The Knowledge of God in the World and the Word
Amid the crisis of authority in our modern and postmodern era, Christians need to be able to point to God's revelation in the natural world in addition to defending God's unique revelation in the Bible and in the person of Jesus Christ.
Classical apologetics takes a two-step approach to commending the Christian picture of reality. First, arguments for the existence of God, such as those of natural theology, are employed to create common ground with people outside the household of the Christian faith and to provide intellectual support for Christians. Second, classical apologetics defends key items of Christian revelation, including the reliability of the Bible, the identity of the historical Jesus, and the resurrection of Jesus Christ from the dead.
In Knowledge of God in the World and the Word, authors Douglas Groothuis and Andrew Shepardson provide a simple introduction to classical apologetics that also addresses the most common objections to natural theology. Readers will discover in the book an easy point of entry into understanding why Christian beliefs about Jesus are true and rational. Further, the authors apply the power of classical apologetics to Christian ministry.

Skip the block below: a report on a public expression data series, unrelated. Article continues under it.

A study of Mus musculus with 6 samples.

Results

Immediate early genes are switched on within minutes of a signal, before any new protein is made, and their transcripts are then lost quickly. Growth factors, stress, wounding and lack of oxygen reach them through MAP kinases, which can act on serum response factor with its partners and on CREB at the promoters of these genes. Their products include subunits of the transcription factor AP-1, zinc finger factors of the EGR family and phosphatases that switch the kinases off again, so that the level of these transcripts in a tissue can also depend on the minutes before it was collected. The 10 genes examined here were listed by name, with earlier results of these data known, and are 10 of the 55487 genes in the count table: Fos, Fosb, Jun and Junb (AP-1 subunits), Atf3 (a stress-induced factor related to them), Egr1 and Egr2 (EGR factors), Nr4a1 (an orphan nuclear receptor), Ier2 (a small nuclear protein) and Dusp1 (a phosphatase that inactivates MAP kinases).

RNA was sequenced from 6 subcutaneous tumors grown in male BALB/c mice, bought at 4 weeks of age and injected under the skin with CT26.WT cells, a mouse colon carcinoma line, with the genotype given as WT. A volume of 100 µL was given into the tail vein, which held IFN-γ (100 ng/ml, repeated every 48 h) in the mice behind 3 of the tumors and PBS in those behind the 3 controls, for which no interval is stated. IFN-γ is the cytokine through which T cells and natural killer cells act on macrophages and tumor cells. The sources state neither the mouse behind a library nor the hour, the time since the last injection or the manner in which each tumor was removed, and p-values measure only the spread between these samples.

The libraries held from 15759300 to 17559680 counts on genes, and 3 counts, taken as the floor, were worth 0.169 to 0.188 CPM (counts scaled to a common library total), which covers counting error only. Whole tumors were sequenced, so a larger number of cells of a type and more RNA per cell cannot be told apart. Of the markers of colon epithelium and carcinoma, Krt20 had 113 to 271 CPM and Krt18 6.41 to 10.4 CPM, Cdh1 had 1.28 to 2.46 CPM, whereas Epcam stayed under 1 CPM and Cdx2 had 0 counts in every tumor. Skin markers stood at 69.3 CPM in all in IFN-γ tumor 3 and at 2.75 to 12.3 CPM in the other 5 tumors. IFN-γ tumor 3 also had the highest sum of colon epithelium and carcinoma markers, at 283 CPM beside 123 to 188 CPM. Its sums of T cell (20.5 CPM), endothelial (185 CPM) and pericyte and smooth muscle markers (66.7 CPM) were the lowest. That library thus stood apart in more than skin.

About the Authors
Douglas Groothuis (PhD, University of Oregon) is professor of philosophy at Denver Seminary in Denver, Colorado, where he heads the apologetics and ethics masters degree program. His articles have been published in journals such as Religious Studies, Philosophia Christi, Themelios, Christian Scholar's Review, Inquiry, and Journal of the Evangelical Theological Society. He has written numerous books, including Christian Apologetics, Philosophy in Seven Sentences, and Truth Decay.
Andrew I. Shepardson (PhD, University of Toronto) leads the B.A. and M.A. programs in Applied Apologetics at Colorado Christian University and is co-pastor of Hope Denver Church in Denver, Colorado. His work has been published in Philosophia Christi, Quadrum,The Denver Journal, Orthodoxy in Dialogue, and the Toronto Journal of Theology. He is the author of Who’s Afraid of the Unmoved Mover?: Postmodernism and Natural Theology.